Sunday, January 21, 2007
The Shogun Tokugawa cut off Japan from the outside world; the isolation lasted some 150 years
Can you imagine living on an isolated island kingdom and being cut off from the outside? Japan lived that way in the 1700's.
All the first world countries (the UK, United States, etc.) trade in a world economy, says Wikipedia.org. Some will argue that removing oneself from such an economy could be potentially helpful.
The consensus amongst most economists is that such a policy is detrimental, and point to the mercantilism of the pre-industrial era as the classic example. Countries and regions generally enjoy a comparative advantage over others in some area.
Free trade between countries allows each country to do what it does best, and benefit from the products and services that others do best. Protectionism prevents this process, it is argued, making people poorer than they would be otherwise.
On the other hand, non-interventionism generally benefits a country by reducing both military spending (as it is limited to defensive purposes) and the chances of provoking an attack (by not meddling in foreign intrigue.)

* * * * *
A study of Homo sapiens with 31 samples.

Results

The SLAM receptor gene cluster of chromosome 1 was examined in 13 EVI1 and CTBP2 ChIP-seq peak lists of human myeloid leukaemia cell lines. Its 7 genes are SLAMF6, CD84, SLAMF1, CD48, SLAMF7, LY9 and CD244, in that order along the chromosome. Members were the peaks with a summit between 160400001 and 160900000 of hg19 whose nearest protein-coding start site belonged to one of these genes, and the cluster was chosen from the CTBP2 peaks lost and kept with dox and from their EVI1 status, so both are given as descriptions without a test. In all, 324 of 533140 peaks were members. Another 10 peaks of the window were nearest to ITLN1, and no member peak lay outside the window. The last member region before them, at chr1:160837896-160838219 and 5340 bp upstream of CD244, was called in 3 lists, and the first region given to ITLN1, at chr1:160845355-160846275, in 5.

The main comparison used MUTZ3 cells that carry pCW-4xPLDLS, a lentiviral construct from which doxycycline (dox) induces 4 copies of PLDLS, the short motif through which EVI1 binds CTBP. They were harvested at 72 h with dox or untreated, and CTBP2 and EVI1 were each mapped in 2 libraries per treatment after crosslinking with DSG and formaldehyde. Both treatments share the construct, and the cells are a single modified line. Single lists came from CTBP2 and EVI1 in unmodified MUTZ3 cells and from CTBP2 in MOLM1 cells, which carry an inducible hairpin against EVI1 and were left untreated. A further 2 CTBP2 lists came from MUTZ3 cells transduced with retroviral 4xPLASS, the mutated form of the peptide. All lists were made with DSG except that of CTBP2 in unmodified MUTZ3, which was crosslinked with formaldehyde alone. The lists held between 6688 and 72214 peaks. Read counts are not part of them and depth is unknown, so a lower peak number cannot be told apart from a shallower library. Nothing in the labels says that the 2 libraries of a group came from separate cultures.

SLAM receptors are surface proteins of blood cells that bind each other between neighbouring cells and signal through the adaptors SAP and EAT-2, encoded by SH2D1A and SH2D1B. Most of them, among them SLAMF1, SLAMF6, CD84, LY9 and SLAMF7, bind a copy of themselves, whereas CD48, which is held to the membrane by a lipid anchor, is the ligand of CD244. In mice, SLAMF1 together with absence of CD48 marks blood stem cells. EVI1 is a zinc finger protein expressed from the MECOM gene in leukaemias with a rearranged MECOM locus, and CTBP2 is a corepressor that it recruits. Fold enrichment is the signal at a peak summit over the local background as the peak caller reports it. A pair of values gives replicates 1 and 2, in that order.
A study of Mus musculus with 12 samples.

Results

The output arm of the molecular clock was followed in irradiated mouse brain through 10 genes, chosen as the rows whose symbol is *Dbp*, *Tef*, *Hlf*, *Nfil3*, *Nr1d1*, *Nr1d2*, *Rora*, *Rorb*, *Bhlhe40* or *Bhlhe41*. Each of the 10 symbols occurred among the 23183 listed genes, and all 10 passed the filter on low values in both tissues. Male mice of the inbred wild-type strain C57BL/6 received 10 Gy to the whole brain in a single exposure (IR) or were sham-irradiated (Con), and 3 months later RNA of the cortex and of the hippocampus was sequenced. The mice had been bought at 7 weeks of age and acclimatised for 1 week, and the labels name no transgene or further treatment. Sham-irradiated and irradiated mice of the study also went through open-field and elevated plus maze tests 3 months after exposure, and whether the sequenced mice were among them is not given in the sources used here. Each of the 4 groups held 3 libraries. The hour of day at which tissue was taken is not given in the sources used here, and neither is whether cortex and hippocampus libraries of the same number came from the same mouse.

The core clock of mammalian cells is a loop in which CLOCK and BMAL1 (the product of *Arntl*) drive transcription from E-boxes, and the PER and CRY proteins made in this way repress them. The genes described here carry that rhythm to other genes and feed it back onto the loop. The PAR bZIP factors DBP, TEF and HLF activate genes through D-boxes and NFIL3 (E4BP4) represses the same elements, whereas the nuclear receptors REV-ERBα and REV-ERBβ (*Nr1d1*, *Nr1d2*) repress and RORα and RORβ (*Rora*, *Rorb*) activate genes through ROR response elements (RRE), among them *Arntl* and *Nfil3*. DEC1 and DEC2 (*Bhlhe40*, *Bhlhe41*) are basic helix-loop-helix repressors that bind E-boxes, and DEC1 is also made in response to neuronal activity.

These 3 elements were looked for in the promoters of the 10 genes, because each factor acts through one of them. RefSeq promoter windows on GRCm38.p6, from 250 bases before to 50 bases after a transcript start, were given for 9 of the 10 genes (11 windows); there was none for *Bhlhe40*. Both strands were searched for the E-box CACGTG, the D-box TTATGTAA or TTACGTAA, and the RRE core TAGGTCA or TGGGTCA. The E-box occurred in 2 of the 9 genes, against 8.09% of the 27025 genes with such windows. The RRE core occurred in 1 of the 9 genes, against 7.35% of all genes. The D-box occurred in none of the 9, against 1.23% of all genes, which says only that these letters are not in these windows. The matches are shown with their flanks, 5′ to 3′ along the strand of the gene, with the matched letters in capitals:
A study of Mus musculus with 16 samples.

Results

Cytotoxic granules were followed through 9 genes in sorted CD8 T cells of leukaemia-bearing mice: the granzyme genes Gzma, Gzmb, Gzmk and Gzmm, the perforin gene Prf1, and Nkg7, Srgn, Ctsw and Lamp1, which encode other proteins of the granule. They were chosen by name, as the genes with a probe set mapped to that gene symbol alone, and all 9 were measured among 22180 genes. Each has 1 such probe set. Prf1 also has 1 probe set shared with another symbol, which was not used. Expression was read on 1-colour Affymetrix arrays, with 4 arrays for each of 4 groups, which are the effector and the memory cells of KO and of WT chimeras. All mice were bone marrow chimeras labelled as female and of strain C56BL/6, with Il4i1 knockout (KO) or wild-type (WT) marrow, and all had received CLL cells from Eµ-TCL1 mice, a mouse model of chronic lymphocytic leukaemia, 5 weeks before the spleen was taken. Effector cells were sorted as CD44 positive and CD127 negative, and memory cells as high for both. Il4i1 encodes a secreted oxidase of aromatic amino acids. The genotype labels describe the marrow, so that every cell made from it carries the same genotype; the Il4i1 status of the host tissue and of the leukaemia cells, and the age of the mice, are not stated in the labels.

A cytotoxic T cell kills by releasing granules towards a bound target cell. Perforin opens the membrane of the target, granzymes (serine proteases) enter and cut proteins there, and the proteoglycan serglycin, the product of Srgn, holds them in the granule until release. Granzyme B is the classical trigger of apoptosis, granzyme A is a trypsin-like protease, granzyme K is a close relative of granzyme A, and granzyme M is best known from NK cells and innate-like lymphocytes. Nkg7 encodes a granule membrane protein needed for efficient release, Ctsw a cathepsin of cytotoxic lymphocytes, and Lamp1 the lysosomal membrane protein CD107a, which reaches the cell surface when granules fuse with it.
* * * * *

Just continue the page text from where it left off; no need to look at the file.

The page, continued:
From 1641 to 1853, the Tokugawa shogunate of Japan enforced a policy which it called sakoku. The policy prohibited foreign contact except with China, Korea, and Netherlands. During this time, the culture of Japan developed in ways mostly free of influence from the outside world and had one of the longest stretches of peace in history; however, in the absence of modernization, Japan eventually fell prey to foreign powers, and the harsh regime of economic and military development that Japan subsequently imposed on itself worked to modernize and militarize Japanese society.
United States non-interventionism -
Following the sacrifices in the World War I, the United States population turned to isolationism during the 1920s, opposing any action by the government that would drag the country into another European war. This isolationist tendency led to the imposition of tariffs, thought to be a significant factor in causing the Great Depression.
American isolationism came to an end during World War II, particularly following the Japanese attack at Pearl Harbor in December of 1941.